Source: Flickr via user zhouxuan12345678.

What: As of 12:10 p.m. EST, Eagle Pharmaceuticals' (NASDAQ:EGRX) stock was down by more than 20% on higher-than-normal volume. The catalyst driving the drugmaker's shares lower today was the news that the U.S. Food and Drug Administration, or FDA, issued a Complete Response Letter in response to the company's New Drug Application for its novel ready-to-use bivalirudin product called Kangio.

Kangio is basically a more-convenient form of The Medicine Company's (NYSE:MDC) FDA-approved blood-thinner Angiomax, which raked in $23.2 million in the fourth quarter of 2015.

So what: Some investors were hoping that The Medicine Company would strike a lucrative licensing deal with Eagle if Kangio was approved. After all, Angiomax's sales have been getting hammered due to the introduction of generic competitors in the past year. With the FDA rejecting the drug, though, that idea probably needs to be shelved for the time being. 

Now what: As per its press release, Eagle's management stated that the FDA is requesting further "characterization of bivalirudin-related substances in the drug product," and said that they plan on working with the agency to address this issue.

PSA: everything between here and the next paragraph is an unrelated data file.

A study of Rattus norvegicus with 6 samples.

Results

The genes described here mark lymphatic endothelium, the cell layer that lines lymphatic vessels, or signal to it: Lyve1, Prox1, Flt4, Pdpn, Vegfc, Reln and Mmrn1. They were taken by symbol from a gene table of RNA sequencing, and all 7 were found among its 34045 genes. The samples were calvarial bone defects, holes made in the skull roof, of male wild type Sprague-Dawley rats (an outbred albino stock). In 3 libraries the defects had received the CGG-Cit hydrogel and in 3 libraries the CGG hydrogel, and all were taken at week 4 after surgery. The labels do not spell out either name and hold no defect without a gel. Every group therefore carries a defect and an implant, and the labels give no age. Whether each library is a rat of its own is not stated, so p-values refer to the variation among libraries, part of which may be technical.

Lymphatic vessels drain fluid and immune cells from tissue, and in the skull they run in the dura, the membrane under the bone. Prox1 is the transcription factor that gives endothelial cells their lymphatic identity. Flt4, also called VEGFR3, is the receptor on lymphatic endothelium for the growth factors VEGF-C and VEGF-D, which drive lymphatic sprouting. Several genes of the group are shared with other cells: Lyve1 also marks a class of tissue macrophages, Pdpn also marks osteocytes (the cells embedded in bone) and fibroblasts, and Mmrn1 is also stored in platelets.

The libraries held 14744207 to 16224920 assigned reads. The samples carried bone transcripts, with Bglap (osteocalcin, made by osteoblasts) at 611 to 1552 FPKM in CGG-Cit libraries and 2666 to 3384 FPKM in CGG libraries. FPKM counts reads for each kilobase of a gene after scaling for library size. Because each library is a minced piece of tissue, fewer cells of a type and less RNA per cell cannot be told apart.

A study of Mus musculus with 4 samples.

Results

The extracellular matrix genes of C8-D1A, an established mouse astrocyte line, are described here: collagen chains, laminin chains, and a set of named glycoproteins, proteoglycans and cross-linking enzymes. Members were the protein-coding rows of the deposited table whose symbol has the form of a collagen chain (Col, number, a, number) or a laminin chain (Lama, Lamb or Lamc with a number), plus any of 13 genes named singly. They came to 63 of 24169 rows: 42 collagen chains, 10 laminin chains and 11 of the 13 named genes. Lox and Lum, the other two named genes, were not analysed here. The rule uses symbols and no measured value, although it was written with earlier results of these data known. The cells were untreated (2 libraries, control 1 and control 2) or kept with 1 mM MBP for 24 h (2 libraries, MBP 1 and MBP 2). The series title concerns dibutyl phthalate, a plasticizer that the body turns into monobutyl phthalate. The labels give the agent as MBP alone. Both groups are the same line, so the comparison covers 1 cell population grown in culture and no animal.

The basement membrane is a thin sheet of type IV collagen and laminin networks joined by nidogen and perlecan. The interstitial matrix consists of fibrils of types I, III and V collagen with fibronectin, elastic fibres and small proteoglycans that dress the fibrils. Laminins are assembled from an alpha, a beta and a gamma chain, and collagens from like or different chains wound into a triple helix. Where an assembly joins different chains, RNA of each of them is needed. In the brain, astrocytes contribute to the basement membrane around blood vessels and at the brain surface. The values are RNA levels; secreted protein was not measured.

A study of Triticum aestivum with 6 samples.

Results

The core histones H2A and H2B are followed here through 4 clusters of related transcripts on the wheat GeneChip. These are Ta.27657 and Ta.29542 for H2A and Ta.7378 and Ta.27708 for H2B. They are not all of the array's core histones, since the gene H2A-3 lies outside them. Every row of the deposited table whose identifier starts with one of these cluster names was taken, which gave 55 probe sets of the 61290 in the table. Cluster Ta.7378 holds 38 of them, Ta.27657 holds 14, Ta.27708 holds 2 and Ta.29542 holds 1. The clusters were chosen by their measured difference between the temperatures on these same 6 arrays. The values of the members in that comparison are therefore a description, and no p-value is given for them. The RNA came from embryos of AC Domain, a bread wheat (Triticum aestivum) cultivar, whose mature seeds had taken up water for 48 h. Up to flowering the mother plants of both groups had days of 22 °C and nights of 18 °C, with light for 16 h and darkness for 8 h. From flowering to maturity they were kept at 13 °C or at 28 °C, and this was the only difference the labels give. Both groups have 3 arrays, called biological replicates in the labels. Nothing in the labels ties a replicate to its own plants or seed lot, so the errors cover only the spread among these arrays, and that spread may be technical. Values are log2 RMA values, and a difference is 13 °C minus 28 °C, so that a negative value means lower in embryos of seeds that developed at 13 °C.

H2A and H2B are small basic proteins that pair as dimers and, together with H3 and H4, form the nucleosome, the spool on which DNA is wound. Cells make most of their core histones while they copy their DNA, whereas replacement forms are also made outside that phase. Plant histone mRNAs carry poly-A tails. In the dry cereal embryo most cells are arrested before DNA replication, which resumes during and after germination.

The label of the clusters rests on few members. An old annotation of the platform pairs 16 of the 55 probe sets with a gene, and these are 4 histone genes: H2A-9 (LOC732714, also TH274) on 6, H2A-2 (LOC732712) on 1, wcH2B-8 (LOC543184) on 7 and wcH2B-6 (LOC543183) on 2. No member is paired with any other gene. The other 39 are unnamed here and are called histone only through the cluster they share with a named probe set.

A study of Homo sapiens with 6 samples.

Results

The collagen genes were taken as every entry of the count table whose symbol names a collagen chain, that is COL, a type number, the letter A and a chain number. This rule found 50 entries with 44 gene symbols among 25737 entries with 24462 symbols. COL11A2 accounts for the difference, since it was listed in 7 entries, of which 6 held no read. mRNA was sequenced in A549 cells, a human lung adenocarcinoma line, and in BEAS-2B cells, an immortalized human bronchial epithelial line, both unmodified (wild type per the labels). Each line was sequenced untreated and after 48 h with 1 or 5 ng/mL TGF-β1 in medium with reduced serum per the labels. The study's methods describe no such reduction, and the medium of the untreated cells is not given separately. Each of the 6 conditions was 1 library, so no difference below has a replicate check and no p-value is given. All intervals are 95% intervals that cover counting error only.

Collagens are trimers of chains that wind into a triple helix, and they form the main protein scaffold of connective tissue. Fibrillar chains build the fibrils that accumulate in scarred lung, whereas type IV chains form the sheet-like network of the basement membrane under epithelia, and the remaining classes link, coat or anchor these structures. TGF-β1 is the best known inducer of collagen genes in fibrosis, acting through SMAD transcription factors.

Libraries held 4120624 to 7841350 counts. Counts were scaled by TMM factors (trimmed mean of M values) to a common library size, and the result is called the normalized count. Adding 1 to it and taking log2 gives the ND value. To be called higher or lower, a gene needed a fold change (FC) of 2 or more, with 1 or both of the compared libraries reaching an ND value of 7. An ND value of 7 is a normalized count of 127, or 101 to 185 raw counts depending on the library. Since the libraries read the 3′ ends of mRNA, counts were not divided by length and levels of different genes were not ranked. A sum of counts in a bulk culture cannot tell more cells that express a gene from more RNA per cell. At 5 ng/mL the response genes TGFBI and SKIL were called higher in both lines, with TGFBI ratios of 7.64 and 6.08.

Taken at face value, this brief insight into the FDA's decision seems to imply that the company should be able to resubmit Kangio's regulatory application in the near future, and perhaps gain an approval before year's end. Keeping with this theme, Eagle's consensus 12-month price target still stands more than 100% higher than current levels despite a handful of downgrades following this news. In other words, the Street seems fairly confident in Kangio eventually getting the green light from the FDA. 

Investors may want to tread lightly with Eagle for the moment. After all, the market hasn't been kind to biopharma companies of late, especially those with negative regulatory events.

This article represents the opinion of the writer, who may disagree with the “official” recommendation position of a Motley Fool premium advisory service. We’re motley! Questioning an investing thesis -- even one of our own -- helps us all think critically about investing and make decisions that help us become smarter, happier, and richer.